It appears yesterday was not, in fact, the end of the rally for the S&P 500.
This morning, shares across the markets spiked sharply higher. By 12 p.m. EDT, the S&P 500 was up a strong 3%. Stock names closely tied to the travel and tourism industries are experiencing especially strong support:
- Online travel agency Expedia Group (EXPE -0.80%) is up 4.9%
- Travel planner TripAdvisor (TRIP -1.78%) soared 16%
- Hotel chain Marriott International (MAR -1.88%) notched a 5.1% gain
- Hyatt Hotels (H -2.80%) is up 5.7%.
What do these four stocks have in common? Basically, they form a continuum of the tourism experience, wherein would-be travelers might begin researching a trip on TripAdvisor before heading over to Expedia to make reservations to stay at a Marriott or Hyatt hotel upon arriving at their destination.
And today, investors appear to be betting that a lot more people will be taking a lot more trips soon.
Why might that be? This morning, the U.S. Bureau of Labor Statistics reported a 2.5 million-job surge in jobs added to U.S. payrolls in the month of May. When you consider that economists had been predicting a 7.2 million decline in jobs, that's pretty surprising news. BLS also said that the national unemployment rate has dropped from almost 15% to about 13.3%.
At the same time, New York Mayor Bill de Blasio is keeping New York City's plans to begin a Phase 1 reopening of NYC on Monday, which in and of itself could add somewhere between 200,000 and 400,000 jobs to the economy. If all goes well, Phase 2 could arrive by early July, reopening restaurants for outdoor dining and adding back even more jobs previously lost to the Great Lockdown.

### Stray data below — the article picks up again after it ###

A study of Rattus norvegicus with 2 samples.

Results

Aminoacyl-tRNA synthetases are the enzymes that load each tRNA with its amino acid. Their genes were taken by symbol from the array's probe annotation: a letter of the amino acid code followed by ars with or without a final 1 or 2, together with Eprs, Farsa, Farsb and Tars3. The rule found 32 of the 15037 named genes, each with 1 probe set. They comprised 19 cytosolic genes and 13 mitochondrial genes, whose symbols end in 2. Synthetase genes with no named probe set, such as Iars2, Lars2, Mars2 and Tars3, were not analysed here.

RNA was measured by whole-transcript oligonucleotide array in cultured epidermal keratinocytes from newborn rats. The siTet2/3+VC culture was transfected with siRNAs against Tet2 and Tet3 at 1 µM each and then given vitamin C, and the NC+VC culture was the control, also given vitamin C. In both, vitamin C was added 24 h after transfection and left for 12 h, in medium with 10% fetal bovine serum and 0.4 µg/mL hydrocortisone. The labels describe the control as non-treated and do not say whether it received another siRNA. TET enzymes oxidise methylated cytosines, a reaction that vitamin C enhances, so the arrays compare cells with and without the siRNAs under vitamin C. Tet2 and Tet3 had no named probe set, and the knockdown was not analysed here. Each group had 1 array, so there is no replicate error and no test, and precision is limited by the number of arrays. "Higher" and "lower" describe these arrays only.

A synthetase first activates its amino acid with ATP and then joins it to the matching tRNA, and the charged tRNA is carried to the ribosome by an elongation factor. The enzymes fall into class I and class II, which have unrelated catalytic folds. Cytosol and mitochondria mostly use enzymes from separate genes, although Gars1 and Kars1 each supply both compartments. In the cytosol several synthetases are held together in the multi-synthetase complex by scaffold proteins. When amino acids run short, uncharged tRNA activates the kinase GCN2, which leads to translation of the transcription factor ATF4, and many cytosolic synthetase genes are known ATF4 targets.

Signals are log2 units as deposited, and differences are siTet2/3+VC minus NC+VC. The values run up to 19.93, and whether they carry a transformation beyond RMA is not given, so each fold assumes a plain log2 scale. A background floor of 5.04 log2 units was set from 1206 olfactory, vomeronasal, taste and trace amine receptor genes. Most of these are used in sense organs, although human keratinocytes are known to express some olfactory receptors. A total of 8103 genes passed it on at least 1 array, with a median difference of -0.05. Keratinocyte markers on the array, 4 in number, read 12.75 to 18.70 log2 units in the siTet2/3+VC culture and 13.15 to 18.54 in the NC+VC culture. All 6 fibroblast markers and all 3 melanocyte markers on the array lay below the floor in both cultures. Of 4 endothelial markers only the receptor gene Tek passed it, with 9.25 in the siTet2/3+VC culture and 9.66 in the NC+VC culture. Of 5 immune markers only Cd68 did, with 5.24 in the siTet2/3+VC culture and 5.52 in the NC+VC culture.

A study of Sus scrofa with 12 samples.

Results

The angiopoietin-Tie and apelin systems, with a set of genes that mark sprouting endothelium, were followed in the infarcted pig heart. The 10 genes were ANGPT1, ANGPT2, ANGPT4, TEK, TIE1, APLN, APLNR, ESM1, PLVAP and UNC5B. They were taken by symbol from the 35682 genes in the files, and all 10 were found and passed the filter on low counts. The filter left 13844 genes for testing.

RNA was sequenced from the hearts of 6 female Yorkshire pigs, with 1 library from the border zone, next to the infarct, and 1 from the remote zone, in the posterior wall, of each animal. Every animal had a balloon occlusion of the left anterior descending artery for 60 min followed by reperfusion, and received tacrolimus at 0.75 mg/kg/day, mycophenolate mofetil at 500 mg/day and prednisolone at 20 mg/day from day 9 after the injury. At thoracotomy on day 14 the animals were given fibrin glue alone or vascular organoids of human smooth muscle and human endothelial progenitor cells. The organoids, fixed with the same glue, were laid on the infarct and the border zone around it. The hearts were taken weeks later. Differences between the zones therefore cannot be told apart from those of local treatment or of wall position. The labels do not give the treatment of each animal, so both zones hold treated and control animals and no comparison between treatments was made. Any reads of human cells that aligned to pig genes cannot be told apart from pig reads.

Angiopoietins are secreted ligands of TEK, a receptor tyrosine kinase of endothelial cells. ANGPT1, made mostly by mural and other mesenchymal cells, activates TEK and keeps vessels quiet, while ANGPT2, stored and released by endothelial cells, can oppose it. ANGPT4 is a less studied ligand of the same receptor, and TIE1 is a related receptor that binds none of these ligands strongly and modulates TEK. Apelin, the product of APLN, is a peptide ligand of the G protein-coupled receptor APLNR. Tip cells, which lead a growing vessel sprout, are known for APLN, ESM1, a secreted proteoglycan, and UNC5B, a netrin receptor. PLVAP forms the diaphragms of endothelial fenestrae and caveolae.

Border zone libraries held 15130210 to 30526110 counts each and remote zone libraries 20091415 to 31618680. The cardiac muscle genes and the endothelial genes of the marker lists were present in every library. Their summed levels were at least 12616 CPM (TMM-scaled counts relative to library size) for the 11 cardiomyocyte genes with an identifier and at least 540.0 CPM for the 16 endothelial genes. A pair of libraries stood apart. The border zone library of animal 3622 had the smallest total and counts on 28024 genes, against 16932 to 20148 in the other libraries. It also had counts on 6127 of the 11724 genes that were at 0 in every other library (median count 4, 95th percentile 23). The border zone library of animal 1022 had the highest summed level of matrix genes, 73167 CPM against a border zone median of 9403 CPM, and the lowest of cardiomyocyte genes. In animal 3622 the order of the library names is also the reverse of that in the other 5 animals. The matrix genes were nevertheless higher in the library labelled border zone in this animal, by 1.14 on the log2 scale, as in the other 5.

More businesses reopening means more reason to travel -- and more travel-related businesses to entertain travelers when they arrive. More jobs means more disposable income for consumers to spend on travel. In short, both of these developments, arriving one on top of the other, are giving investors a lot of reason to be optimistic that America could soon return to normal.
That being said, I would like to inject one note of caution into today's rally. "Normal" won't arrive overnight, and some of the moves we're seeing in the stock market these past few days don't seem to reflect that fact. I'm thinking most specifically of American Airlines (AAL -3.93%) investors bidding up the stock of an airline 41% yesterday, and as much as another 36% this morning -- all on news that the company hopes to fly just half as many passengers in July 2020 as it did in 2019.
That rally didn't make much sense to me. These others that we're seeing today may not, either.